Egyptian state TV says six police officers and a border guard abducted by suspected militants in the Sinai Peninsula last week have been freed. Seven people were let go in the middle of the desert by their captors, AP reported. The military transported them back to the Egyptian capital, Cairo. The move followed an hours-long search operation launched by the country’s military.
The Interior Ministry of the Russian North Caucasus Republic of Dagestan has said that at least two people – a man and woman – perpetrated a twin bombing in Makhachakala on Monday. Police are continuing to search for the suspects, Interior Minister Abdurashid Magomedov said Wednesday. Four people were killed and 46 wounded by the explosions near a building of the Federal Bailiff Service’s branch.
Iranian authorities have barred two potentially powerful candidates from taking part in the coming presidential election. The other eight candidates are mostly hardline politicians loyal to clerical Supreme Leader Ayatollah Ali Khamenei, Reuters reported. The candidates who were denied participation are ex-President Akbar Hashemi Rafsanjani, who is considered potentially sympathetic to reform, and Esfandiar Rahim Mashaie, a close aide to outgoing leader Mahmoud Ahmadinejad.
A court in Russia’s Urals is set to hear a motion for release on parole by Pussy Riot member Maria Alekhina. The hearing follows an early release denial for Pussy Riot member Nadezhda Tolokonnikova almost a month ago. Three members of the punk band were sentenced in August to two years behind bars for the infamous ‘punk prayer’ they performed in the main Russian Orthodox cathedral last year. One of the young women, Yekaterina Samutsevich, was granted release on parole in October.
Vano Merabishvili, the head of Georgian President Mikhail Saakashvili’s United National Movement party, has been charged with abuse of power, corruption and embezzlement of Interior Ministry funds. If convicted on the abuse of power charges, Merabishvili could face 7 to 12 years behind bars, according to prosecutors. The charges come after new Prime Minister Bidzina Ivanishvili pledged to hold accountable officials in Saakashvili’s regime who abused their power.
North Korean state media has indicated that Supreme Leader Kim Jong-un has named Kim Kyok Sik, a hardline general, as the country’s new military chief. The news emerged in a dispatch from the North Korean Central News Agency, amid details of a delegation that was seeing off the country’s special envoy on a visit to China, AP reported. Kim Kyok Sik previously occupied the military chief’s post until 2009, and was also the country’s defense minister.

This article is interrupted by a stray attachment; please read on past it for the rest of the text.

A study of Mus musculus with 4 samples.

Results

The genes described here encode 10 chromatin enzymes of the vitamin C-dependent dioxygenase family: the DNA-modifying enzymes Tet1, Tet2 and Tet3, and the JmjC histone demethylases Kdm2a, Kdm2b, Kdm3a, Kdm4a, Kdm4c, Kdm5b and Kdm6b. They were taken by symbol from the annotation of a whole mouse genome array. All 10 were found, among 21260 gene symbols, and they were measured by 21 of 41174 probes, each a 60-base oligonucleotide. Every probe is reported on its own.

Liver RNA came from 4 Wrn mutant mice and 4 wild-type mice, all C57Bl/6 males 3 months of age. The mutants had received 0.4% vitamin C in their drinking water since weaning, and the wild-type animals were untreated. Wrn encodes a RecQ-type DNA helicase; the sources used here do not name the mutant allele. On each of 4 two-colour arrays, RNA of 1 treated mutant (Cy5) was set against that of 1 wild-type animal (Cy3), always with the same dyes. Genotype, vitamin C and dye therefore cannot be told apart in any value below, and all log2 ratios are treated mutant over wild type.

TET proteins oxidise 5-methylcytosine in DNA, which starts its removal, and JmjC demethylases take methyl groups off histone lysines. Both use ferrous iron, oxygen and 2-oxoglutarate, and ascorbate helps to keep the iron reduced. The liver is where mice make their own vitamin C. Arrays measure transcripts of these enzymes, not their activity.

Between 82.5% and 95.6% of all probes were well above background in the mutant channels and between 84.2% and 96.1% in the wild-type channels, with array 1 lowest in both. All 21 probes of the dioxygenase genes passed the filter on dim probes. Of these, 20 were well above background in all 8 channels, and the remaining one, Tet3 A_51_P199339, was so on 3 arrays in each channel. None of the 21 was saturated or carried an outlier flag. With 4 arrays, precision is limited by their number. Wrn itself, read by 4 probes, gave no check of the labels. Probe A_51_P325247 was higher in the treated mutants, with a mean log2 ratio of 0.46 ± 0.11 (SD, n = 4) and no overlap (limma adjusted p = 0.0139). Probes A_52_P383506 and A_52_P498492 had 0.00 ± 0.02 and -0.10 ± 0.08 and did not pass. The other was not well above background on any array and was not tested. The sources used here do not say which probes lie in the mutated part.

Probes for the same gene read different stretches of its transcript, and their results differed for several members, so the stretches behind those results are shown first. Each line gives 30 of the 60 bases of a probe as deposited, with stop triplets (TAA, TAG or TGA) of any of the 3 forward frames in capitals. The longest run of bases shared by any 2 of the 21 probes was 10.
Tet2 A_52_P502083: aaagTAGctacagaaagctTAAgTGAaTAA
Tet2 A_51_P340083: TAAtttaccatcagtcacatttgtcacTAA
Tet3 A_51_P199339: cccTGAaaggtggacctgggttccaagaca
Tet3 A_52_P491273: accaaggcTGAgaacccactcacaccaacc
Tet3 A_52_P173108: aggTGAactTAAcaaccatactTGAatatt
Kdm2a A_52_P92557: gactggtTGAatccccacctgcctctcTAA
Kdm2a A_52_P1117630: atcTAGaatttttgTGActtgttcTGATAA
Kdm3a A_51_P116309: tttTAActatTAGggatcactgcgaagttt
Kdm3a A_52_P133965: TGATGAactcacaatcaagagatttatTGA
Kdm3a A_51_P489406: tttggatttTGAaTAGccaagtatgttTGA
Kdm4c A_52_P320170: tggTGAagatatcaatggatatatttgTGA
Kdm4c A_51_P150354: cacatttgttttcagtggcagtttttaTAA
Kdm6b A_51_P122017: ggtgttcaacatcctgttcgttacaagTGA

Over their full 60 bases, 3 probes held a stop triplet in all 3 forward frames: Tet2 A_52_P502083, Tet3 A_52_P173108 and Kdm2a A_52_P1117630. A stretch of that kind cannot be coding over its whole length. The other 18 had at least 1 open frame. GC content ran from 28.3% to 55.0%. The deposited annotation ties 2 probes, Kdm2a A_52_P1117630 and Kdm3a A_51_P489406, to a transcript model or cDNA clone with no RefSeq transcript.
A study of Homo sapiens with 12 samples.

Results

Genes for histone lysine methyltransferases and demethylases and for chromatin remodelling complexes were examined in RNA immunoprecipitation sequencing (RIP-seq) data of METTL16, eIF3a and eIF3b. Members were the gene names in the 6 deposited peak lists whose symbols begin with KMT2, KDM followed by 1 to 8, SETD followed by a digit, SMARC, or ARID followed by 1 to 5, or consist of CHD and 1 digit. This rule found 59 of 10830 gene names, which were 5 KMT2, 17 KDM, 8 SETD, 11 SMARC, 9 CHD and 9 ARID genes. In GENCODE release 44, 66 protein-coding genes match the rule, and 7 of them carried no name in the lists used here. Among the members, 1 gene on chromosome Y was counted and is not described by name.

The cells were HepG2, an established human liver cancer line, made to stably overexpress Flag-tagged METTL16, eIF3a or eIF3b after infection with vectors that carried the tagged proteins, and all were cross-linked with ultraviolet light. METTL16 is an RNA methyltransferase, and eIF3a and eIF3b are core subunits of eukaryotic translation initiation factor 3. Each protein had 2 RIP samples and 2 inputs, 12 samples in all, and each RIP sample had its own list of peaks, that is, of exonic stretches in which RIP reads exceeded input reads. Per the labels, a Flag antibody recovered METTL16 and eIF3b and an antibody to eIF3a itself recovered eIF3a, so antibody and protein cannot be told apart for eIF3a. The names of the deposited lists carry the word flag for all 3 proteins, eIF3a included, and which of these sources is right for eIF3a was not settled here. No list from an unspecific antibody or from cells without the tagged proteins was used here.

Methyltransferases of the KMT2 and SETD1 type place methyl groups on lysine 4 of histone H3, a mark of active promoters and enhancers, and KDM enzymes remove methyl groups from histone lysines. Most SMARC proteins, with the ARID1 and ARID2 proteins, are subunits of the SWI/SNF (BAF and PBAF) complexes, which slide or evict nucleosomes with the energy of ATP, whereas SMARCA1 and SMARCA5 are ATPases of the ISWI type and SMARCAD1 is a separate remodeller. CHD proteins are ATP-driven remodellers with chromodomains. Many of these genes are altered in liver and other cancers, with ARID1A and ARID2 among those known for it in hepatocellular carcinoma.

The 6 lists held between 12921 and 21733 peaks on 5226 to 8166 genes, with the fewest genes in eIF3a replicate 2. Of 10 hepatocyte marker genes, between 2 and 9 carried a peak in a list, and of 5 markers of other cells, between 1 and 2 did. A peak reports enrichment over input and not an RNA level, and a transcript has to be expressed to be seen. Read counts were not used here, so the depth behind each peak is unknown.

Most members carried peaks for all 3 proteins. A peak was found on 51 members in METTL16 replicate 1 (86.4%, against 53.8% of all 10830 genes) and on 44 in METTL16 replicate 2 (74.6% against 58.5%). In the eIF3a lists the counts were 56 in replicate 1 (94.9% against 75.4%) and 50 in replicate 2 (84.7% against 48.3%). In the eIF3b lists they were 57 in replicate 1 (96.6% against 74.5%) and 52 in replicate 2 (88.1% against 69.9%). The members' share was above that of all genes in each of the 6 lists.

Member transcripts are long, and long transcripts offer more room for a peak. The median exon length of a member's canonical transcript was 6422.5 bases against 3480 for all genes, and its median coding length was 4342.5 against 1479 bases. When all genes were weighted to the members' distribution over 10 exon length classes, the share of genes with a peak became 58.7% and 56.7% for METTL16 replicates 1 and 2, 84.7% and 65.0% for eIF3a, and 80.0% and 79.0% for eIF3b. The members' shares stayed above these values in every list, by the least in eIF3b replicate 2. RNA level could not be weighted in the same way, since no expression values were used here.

Australia is set to keep commandos and technical advisors in Afghanistan after most of its troops are withdrawn from the country by then end of 2013, Australian Minister for Defense Stephen Smith said after meeting with Pentagon chief Chuck Hagel. Canberra currently maintains 1,650 troops in Afghanistan, out of a total ISAF force in the country of about 100,000. After the ISAF withdraws, it will leave behind a non-combat mission of about 8,000-12,000 soldiers to assist Kabul in maintaining military and police preparedness.
The official North Korean Central News Agency announced a "special envoy" has been dispatched by Kim Jong Un bound for China on Wednesday. Though state media provided few details regarding the nature of the mission, it did mention the presence of Choe Ryong Hae, the country's top political officer overseeing North Korea's army. The timing of the trip could indicate it is related to the North's recent strain in relations with China, which is an economic and diplomatic lifeline, and has grown increasingly frustrated with the country's combative rhetoric against the US and South Korea. Earlier this month China's state-run Bank of China Ltd. announced that it had closed the accounts of the Foreign Trade Bank of North Korea and suspended all transactions. Kim Jong Un has yet to visit Beijing since assuming control of the country from his father, Kim Jong Il, who met with Chinese officials only a few months prior to his death.
Legislation aimed at overhauling the US immigration system is now headed to the Senate floor after approval from a key committee in the House of Representatives. The centerpiece of the bill, a 13-year pathway to citizenship for undocumented immigrants, managed to survive intact. A last-minute inclusion of increased access to high-tech visas secured the vote of an additional Republican senator at the Senate Judiciary Committee, which approved the plan by a 13-5 vote, with all Democrats voting in favor. The bill was drafted by four Democrats and four Republicans, and is being hailed as the most substantial change in immigration law since a 1986 reform under President Reagan. The legislation would create a low-skilled guest worker program allowing entrance into the US for three-year stays. In order to attract greater Republican support, the immigration bill directs an additional $4.5 billion increase for border security, including drones and border patrols.